Dr. King's secretary sends Ralph and Juanita Abernathy information regarding the trip to Oslo, Norway for the month of December, 1964.
Dr. King writes to President Lyndon B. Johnson expressing appreciation and admiration for his speech at the Howard University Commencement.
Nina Brown writes Dora McDonald in preparation for Dr. King's visit to speak at Pennsylvania State University. She further inquires about logistics pertaining to Dr. King's speech, publicity and members of his party.
In this telegram, Mr. and Mrs. Toledo offer support to Dr. King, Ralph Abernathy, A.D. King, and Wyatt Walker.
The Session of the First Westminster Presbyterian Church, Yonkers, NY urges a "write-in" campaign to federal, state, or municipal legislators requesting action in the areas of open housing, equal employment opportunities and civil rights.
Fernando Arias-Salgado acknowledges receipt of Ms. McDonald's letter on behalf of Dr. King and transmits it to Dr. Palasi in Madrid. He also encloses the initial letter of invitation to lecture at the University of Madrid under the signature of Dr. Villar, Director of Cultural Sociology.
Kenneth Lee, President of the International Confederation for Disarmament and Peace, asks Dr. King if he would consider becoming a sponsor for the organization.
Dr. King's assistant writes Mamie Reese to applaud Eartha Kitt's courage in speaking up about what she believes is the cause of “restlessness” and crime in the streets. Kitt spoke out against the Vietnam War at a White House luncheon hosted by Lady Bird Johnson, the First Lady.
Dr. King addresses those in attendance at the Southern Christian Ministers Conference. He brings words of encouragement to those working diligently for social change in Mississippi. He speaks words of promise that things will change since the Supreme Court has ruled segregation unconstitutional and he gives examples of how things are slowly changing. However, he acknowledges that there is still much work to be done, especially in the South. Dr. King lists actions that must be at the top of everyone's list to be taken care of.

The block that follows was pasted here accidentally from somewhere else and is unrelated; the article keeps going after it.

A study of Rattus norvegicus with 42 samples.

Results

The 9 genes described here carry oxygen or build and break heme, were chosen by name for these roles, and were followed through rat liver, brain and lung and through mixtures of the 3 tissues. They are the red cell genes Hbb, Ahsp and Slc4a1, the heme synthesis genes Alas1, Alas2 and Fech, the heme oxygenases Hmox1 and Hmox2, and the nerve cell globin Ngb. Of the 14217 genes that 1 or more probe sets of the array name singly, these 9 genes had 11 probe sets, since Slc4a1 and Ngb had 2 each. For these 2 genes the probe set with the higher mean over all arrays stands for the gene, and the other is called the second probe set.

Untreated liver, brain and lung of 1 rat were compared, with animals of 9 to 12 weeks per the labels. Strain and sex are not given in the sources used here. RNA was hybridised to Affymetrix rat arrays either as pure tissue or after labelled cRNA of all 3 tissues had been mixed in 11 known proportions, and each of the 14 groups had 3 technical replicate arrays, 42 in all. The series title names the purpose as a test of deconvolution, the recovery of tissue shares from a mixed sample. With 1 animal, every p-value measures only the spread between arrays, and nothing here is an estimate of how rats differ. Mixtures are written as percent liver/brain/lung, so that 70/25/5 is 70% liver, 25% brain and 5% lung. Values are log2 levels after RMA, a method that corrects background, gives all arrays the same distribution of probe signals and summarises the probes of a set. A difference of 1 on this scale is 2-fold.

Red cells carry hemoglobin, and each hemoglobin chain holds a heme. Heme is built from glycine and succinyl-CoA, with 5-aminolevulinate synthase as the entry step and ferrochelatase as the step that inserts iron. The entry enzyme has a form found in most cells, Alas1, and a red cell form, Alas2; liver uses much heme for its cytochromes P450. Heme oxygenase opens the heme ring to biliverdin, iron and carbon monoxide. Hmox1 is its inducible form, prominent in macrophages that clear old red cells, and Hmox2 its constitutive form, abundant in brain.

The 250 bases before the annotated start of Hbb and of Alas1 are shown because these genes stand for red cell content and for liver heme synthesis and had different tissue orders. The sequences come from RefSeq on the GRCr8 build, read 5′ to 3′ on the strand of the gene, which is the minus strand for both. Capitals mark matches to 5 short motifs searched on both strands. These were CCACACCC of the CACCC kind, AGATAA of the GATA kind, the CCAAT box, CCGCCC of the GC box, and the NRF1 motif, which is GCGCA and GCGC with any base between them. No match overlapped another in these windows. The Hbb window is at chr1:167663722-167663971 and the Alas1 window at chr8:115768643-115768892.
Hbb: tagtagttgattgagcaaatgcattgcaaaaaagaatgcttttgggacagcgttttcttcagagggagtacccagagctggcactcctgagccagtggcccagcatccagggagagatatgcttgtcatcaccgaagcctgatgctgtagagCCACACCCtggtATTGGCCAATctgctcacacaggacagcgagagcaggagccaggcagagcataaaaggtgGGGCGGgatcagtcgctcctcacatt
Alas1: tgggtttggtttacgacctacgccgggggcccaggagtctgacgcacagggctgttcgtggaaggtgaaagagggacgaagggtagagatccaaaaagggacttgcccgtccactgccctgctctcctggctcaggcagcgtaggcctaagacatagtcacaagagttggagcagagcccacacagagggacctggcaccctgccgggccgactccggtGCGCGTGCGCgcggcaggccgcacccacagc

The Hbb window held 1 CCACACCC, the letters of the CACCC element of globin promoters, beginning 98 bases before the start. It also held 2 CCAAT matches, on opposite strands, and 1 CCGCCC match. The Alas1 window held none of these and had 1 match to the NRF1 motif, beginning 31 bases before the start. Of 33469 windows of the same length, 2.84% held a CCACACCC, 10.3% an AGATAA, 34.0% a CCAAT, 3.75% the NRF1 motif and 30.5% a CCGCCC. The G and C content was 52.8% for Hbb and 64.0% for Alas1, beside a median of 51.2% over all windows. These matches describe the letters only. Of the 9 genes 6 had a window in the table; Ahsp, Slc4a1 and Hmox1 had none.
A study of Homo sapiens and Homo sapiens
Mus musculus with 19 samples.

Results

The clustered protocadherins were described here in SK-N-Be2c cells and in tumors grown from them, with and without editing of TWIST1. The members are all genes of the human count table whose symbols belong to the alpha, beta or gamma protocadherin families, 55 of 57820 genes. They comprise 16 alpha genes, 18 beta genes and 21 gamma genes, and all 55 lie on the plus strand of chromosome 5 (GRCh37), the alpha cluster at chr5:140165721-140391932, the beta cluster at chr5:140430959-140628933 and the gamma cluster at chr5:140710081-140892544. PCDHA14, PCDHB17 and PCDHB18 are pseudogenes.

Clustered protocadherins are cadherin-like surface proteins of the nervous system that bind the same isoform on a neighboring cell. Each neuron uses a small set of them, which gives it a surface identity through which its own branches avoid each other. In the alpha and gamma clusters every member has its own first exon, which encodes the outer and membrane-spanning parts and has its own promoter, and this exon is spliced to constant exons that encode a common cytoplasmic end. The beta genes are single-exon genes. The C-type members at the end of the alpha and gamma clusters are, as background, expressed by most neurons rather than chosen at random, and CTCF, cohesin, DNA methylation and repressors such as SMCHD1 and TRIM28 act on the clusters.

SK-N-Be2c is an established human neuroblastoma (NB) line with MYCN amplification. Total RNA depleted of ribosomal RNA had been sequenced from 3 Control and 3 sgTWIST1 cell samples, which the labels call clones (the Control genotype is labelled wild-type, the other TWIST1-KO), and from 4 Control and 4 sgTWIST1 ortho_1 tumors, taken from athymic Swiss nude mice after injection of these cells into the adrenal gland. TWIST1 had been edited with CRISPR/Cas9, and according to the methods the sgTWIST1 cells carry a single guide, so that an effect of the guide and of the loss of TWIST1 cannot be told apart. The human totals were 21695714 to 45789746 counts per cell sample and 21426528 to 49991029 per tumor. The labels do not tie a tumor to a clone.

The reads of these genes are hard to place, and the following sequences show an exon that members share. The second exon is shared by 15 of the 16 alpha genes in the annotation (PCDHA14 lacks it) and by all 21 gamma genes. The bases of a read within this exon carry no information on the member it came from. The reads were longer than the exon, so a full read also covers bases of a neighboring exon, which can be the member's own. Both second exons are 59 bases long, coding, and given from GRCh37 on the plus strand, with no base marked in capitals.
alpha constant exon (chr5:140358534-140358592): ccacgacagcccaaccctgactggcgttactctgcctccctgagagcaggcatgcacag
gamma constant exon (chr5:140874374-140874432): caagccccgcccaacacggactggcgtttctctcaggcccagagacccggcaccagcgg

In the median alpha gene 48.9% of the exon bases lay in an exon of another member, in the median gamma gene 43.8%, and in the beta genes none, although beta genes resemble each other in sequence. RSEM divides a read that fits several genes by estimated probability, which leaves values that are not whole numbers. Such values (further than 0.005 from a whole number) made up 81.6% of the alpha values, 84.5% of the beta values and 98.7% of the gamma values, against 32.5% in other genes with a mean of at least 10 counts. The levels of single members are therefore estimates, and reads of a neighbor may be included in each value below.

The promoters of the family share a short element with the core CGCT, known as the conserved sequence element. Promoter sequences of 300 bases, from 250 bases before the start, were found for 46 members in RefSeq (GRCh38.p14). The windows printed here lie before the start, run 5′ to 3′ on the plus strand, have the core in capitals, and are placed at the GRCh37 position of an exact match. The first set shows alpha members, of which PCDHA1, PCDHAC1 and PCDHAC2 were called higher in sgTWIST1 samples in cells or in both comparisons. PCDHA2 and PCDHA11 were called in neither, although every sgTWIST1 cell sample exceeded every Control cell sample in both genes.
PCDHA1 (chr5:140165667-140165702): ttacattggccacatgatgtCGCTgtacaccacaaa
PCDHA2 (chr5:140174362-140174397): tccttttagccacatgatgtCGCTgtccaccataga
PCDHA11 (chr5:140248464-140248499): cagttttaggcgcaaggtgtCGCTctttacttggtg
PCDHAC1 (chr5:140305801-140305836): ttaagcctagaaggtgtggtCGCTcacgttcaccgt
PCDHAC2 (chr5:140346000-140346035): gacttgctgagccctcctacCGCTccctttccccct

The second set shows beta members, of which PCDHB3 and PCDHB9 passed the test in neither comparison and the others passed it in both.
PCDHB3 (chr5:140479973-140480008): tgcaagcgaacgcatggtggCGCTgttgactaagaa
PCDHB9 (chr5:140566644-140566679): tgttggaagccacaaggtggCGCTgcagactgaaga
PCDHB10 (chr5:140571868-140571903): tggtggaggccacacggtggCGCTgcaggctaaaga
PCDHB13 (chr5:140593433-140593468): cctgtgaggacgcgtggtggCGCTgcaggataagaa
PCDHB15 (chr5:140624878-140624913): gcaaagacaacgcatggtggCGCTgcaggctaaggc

LeRoy Allen, President of Cheyney State College, invites Dr. King to be the keynote speaker for their Founder's Day Convocation in November of 1967. Allen emphasizes the goal of the college to aid Negroes living in urban communities.
Rev. Abernathy urges President Johnson to meet with a group of poverty-stricken people from Syracuse, New York at Johnson's Texas White House.
Mrs. Herr, on behalf of the Yakima Chapter of United Nations Association invites Dr. King to speak October 24, in honor of United Nations Week. The organization offers to pay his fee for speaking to their organization.
Professor Robert Birley delivers an annual memorial lecture on T.B. Davie at the University of Cape Town, South Africa. He notes that Mr. Davie served as vice-chancellor for the college and is most noted for his adherence to the principles of academic freedom and his stand against apartheid. Birley believes that this annual memorial is absolutely necessary to maintain Davie's inspirational legacy and continue the fight for academic freedom . He brings up the politics of slaves versus the free, drawing on the philosophies of Aristotle, Plato, and others to describe examples.
In a press release, Dr. King announces Rev. T.Y. Rogers as the Director of the Negro ministerial training, a project created by the SCLC. The purpose of this program is to provide training seminars for ministers, which will ultimately assist congregational members with employment, economic development, voter registration, and education.
Dr. King speaks to an assembly in Chicago, Illinois about the history and dynamics of the African American family in the United States.